Sports Fan: New Ducks women’s coach hopes to bring defense into mix
Apr 22, 2014
By Jim Walker
Of the News-Register
Nope, the Ducks will now slow the pace and focus on something called "defense," which was obviously lacking during Westhead's tenure. Newly hired coach Kelly Graves, 51, is already working on the all-important buy-in from his returning players in Eugene, and he's had a great deal of success selling his defensive philosophy in his former job at Gonzaga, and even prior to that 14-season stint, at St. Mary's, where he coached for three years, compiling a 66-26 record, before moving on to Spokane.
Graves, when he agreed to leave Gonzaga, said he was looking for a new challenge. In his 14 years at the Spokane-based Catholic school, his teams took 10 consecutive West Coast Conference titles while making the Sweet 16 twice and the Elite Eight once. He compiled a 317-136 overall record (136-12 WCC) in that timespan.
Let's face it: a coach could get complacent after 10 consecutive league titles.
Oregon, on the other hand, didn't qualify for the NCAA tournament in five seasons under the 75-year-old Westhead, who has experienced a "yo-yo" career as he jumped from college to the NBA and back as well as forays into the ABA and the WNBA.
While Westhead's teams were known for high-scoring productions, his teams often gave up more points than they scored. In fact, while coaching the Denver Nuggets in the early 1990s, his team gave up 107 points — in one half — which is still an NBA record. His Denver club was 44-120 during that two-year period as the Nuggets averaged 119.9 points per game while giving up 130.8 per outing.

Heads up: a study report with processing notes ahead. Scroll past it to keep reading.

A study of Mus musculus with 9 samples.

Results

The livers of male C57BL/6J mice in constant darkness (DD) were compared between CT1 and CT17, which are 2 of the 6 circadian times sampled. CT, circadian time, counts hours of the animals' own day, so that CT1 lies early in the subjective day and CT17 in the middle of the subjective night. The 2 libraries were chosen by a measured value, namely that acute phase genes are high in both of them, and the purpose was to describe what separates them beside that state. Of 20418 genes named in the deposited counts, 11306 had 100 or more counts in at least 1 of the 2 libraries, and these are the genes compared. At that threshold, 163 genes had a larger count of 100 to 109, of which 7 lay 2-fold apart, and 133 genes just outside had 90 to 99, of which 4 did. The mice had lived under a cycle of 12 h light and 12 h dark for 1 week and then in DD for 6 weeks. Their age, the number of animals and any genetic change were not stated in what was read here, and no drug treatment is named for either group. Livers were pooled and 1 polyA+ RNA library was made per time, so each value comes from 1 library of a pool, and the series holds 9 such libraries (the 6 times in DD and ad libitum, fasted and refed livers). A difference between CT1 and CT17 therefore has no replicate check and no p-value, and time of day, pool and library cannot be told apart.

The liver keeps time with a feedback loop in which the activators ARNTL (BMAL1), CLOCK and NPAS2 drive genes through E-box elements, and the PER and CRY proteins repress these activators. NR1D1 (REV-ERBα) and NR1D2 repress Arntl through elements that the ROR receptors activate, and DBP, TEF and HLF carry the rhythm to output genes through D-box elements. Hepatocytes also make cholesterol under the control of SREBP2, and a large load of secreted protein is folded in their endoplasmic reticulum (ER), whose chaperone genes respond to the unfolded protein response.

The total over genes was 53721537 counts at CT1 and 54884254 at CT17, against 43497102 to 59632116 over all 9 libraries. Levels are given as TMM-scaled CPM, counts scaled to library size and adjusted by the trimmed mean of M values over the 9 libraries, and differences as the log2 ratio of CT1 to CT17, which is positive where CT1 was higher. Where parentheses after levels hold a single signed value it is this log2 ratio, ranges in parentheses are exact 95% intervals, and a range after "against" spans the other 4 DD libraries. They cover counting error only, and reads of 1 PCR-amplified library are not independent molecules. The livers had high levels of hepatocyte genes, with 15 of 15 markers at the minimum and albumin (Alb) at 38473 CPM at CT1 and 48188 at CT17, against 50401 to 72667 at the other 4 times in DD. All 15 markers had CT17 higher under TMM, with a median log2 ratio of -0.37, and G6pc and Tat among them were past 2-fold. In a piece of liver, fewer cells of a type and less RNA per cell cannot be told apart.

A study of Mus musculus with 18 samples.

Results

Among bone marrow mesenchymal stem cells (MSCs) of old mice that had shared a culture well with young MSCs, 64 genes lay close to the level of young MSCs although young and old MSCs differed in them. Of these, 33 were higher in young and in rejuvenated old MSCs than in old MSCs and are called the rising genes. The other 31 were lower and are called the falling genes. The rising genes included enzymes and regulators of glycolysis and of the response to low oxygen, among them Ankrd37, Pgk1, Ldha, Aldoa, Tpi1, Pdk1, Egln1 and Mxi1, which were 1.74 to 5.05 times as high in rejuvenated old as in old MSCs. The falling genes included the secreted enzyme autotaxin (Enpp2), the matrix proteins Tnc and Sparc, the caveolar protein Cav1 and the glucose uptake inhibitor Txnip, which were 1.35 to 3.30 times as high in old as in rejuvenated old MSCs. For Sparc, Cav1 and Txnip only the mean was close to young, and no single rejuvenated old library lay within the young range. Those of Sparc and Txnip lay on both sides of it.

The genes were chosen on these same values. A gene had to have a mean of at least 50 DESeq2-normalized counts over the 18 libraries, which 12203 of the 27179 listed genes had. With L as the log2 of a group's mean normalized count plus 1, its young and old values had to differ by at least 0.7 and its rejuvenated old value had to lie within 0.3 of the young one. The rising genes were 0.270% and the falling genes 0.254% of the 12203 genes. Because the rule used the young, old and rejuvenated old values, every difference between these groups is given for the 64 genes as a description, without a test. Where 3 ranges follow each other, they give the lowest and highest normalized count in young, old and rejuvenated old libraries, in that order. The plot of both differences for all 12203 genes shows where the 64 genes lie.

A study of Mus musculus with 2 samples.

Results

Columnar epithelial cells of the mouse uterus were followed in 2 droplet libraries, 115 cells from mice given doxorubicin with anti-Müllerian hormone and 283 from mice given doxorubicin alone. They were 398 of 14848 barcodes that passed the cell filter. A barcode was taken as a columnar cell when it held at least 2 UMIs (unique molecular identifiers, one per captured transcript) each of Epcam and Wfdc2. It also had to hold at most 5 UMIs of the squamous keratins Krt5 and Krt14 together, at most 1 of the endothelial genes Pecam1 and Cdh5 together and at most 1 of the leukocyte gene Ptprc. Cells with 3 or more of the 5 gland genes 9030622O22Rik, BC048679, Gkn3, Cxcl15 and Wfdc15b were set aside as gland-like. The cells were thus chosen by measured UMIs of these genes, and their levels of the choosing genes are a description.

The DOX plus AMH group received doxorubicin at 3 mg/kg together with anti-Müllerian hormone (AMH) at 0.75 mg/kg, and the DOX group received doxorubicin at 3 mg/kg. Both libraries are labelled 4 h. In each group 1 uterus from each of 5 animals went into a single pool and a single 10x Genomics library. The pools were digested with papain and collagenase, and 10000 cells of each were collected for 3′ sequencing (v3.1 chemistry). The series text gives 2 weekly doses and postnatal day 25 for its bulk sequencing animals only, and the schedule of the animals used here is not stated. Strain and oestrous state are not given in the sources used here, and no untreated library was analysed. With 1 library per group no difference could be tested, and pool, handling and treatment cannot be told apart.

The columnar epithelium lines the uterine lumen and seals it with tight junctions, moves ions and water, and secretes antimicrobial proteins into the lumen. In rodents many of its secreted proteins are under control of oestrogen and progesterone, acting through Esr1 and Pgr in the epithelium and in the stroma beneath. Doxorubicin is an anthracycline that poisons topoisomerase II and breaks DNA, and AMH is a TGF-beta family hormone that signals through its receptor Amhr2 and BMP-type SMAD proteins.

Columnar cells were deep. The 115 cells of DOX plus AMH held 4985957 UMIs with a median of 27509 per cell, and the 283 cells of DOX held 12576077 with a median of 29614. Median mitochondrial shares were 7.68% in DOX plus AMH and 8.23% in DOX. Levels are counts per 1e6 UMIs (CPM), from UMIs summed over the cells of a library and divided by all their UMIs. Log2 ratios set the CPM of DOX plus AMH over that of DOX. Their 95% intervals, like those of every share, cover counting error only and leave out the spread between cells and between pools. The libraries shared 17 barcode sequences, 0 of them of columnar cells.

At least at that stop, one of many in his career, Westhead's run-and-gun philosophy didn't pan out, although he earlier won an NBA title in 1980 while coaching the Los Angeles Lakers. He later coached the WNBA's Phoenix Mercury to a title in 2007 and had a number of good years as coach of Loyola Marymount from 1985-1990.
But in most cases, Westhead was fired after only a short stint (Denver, LA, Seattle/Oklahoma City — as an assistant). At Oregon, his teams never really got traction with his quick-paced, offense-focused philosophy. In fact, his overall record at U of O was 66-92 (27-64 conference).
So, Duck fans in 2014-15 will be excited to watch Graves' approach, an approach where defense is an integral part of the overall program, not an apparent after-thought, unfold. While scoring ninety points is exciting, giving up over ninety points and losing is not.
That's why the change was made, and now the ball is in Kelly Graves' court, and Oregon officials and fans are hopeful that the culture will change — and change quickly — in women's basketball at Oregon under the direction of the former Gonzaga coach who got his start as an assistant at the University of Portland.